Who We Be: The Colorization of America began as many books do: With a great idea and lousy timing.

In 2006, after the success of Can't Stop Won't Stop: A History of the Hip Hop Generation, Jeff Chang wanted to write about multiculturalism. Since his days as a student at the University of California Berkeley when he worked by night as a DJ and later went into politics, he was intrigued how great works of art change one's view of the world. That was especially true when he worked in radio. "As I've gotten older, I've become more interested in how to explain this to people," Chang says.

But at the beginning of a new century, multiculturalism seemed like an unnecessary topic. Pop culture was saturated with characters on television shows like South Park, where everyone was "getting over on starry-eyed idealists who supported multiculturalism.” And, anyway, Chang asks, “Who cared about multiculturalism when you had Diddy on the billboard outside of your window?"

America would find out after the presidential campaign and subsequent election of Barack Obama. As race-baiting and the incendiary subtext of arguments against him mounted, Who We Be took on new meaning and a new shape.

Continue reading >


 

Who We Be reflects Chang's breadth of knowledge about the impact of multiculturalism and societal reactions to it. Through the lens of art, since he is executive director of the Institute for Diversity in the Arts at Stanford University, he brings in an aesthetic analysis of who and what America is as a result of a persistent and flawed post-racial narrative in the wake of Obama's election.

As a book about the politics of aesthetics, Who We Be is painted on a broad canvas that includes our nation's undocumented immigrant youth, African-American innovator Morrie Turner's Wee Pals—the first black comic strip—alongside the fatal and high-profile shooting of Trayvon Martin in Sanford, Florida. Occupy Wall Street, advertising and marketing, the political coordination of the hip-hop generation and more are reflected in sections divided by era.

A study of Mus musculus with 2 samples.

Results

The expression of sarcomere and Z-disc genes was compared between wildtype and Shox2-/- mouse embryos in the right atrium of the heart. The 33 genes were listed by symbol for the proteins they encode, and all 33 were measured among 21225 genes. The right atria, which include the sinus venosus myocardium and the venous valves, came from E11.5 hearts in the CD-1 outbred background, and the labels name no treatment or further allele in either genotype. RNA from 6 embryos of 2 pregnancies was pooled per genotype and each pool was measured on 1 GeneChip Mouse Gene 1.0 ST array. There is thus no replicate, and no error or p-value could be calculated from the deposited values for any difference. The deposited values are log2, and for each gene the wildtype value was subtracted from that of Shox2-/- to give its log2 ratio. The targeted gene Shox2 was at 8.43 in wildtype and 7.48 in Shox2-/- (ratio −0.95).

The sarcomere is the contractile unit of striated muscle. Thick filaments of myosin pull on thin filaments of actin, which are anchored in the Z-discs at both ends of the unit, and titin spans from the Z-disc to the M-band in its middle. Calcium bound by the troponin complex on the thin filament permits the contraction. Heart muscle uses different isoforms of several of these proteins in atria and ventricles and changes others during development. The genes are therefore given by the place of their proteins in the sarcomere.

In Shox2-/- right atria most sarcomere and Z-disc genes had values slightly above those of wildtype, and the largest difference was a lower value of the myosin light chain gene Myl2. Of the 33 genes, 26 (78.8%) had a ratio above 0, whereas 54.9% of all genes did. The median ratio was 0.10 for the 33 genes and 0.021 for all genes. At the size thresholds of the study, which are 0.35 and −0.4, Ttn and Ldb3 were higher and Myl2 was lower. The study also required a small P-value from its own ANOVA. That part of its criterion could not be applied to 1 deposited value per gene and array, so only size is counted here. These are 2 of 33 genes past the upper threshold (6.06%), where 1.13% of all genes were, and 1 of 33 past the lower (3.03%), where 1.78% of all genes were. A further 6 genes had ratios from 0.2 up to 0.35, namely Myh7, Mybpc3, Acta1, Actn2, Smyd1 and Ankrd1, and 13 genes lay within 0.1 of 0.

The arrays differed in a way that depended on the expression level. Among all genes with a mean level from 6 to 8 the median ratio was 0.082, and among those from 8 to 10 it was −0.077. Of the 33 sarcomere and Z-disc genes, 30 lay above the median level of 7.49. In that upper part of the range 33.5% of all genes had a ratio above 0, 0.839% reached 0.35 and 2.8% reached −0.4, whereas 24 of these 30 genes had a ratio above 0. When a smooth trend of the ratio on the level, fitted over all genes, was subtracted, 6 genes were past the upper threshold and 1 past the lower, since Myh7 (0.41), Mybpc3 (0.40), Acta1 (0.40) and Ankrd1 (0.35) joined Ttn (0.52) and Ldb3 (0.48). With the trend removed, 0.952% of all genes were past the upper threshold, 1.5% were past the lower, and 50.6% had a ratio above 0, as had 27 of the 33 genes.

Chang, a prolific journalist and historian of the hip-hop generation, says that although Who We Be may have begun as a manifesto like Can't Stop Won't Stop, it gradually became less declarative. "At some point it became really complicated," Chang says. "I just had to follow the story and the complexity for what it was. Originally it was going to be framed around Obama's victory, but as the years went on, it was clear that the book was really about all of these ways in which we have complicated our non-discussion about race."

"It was going to be about how changing demographics shifted American culture and made it impossible to imagine a black president in this new cultuwho we be cover ral majority," Chang says. "We signed the book weeks before Lehman Brothers folded and the financial crisis began. Obama wins and we're all kind of giddy. I tell my editor, 'I'm going to finish this book in a year I'm so fired up.' But then, the backlash begins. And there's an explosion of art in the streets including the art and genius of Shepard Fairey. People like Glenn Beck look at that and say: ‘We have to get rid of this guy.’ ”

The thinly veiled racism of the Tea Party, the firing of Van Jones and Shirley Sherrod early on in the Obama Administration: Those are just a few examples of what Chang calls “a five- to six-year journey into darkness into the conversation on race" that he embarked on while writing the book. Instead of centering the book on music, as he did in Can't Stop Won't Stop, he moved out of his comfort zone by looking at the contemporary art world and visual culture.

He says the art world exemplifies "how the race conversation has become frozen and how difficult it is for young artists of color to move forward because they have to mask themselves in order to break through. I was interested in the rigidity of that, in the fluidity and speed of popular music juxtaposed with the rigidity of the art world.

“The through line is cultural desegregation,” he says. “People of color are no longer invisible. Artists had in mind that empathy could bring about equity," Chang says. "Morrie Turner, who was my neighbor, said great art that has changed the way that we see each other in society came from artists who were in search of the right question instead of the right answer,” Chang says. “Who We Be was going to be a book about answers, but it really is a book of questions."

Joshunda Sanders is a writer based in Washington, D.C.